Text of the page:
Young horse shot and killed may have been mistaken for deer

Authorities say a landowner found the little brown colt frozen on the ground with a bullet in its side.

Authorities say a landowner found the little brown colt frozen on the ground with a bullet in its side. Sarah Olive,

Last week, just northwest of Nimrod, Minnesota, a landowner came home to an unpleasant surprise.

A russet-colored colt lay motionless on the ground, covered in frost.

The owner called the Wadena County Sheriff’s Department, and a deputy found the dead horse on the stable floor. There was a bullet hole lodged in its abdomen.

The first thing the deputy did was check for nearby hunters in the area. Investigators think maybe someone saw the little brown horse and mistook it for a deer. (We’re currently in the heart of deer season.)

Hunting accidents are fairly rare, considering the Minnesota Department of Natural Resources (DNR) sells over 800,000 licenses a year. Back in the ’60s, hunters reported 100-plus mistakes nearly every season, according to the DNR’s hunting data. The year 1965 was particularly bloody, with 139 hunters or bystanders injured, and 20 deaths.

Both accidents and fatalities are on the decline, hovering in the single digits since the late ’70s even as the number of licenses has roughly doubled. That’s partly because of laws passed in the ’80s and ’90s requiring hunters to wear bright colors above the waist and obtain a firearms safety certificate.

It’s also because fewer people are going after waterfowl and small game, according to the Duluth News Tribune. We still have a record high of deer hunters out and about, but overall, bucks make bigger, safer targets than fast-moving flocks of ducks.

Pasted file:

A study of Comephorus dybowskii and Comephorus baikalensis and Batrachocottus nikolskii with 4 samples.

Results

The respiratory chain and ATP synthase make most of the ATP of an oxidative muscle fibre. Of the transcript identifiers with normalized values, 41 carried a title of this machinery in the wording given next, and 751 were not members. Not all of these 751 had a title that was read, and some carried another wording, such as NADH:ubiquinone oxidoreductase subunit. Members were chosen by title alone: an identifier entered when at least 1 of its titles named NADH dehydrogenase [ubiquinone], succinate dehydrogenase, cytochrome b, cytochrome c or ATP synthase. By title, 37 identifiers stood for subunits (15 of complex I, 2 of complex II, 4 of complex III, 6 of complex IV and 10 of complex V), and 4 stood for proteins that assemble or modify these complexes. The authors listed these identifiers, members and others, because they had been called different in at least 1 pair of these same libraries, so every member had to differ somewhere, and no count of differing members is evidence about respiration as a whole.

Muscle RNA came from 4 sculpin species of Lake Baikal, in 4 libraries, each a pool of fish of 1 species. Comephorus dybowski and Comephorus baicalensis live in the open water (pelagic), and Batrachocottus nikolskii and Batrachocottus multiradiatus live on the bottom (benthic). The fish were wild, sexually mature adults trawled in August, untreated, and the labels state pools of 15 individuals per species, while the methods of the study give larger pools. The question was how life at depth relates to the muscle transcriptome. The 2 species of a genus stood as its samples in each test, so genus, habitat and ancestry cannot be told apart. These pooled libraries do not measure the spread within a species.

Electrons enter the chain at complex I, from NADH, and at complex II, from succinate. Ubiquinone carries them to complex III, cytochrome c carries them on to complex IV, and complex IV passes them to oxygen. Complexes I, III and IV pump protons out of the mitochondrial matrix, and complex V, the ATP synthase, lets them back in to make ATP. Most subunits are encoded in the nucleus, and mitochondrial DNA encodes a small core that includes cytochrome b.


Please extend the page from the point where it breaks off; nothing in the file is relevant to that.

There’s still the occasional mishap, as MinnPost pointed out. In 2014, two hunters saw a silhouette they thought looked like a deer, only to realize they’d fatally shot a human being. In 2016, a 15-year-old girl got hit in the hand and knee after a dog stepped on a shotgun. Three men in three separate counties died of accidental gunshot wounds last year alone.

There isn't much data available on how many animals get caught in the crossfire—particularly the larger, four-legged ones. It isn’t unheard of for horses to get hit accidentally. Earlier this year, a Montana rodeo queen’s prized quarter horse, Diva, got shot through the shoulder and had to be euthanized. Owner Kristina Gregersen described the animal as “her best friend,” and the scene as a “gruesome, horrific mess.” Investigators are looking into her case, too.

If you’ve got more information about this most recent incident in Wadena, call the sheriff’s office at 218-631-7600.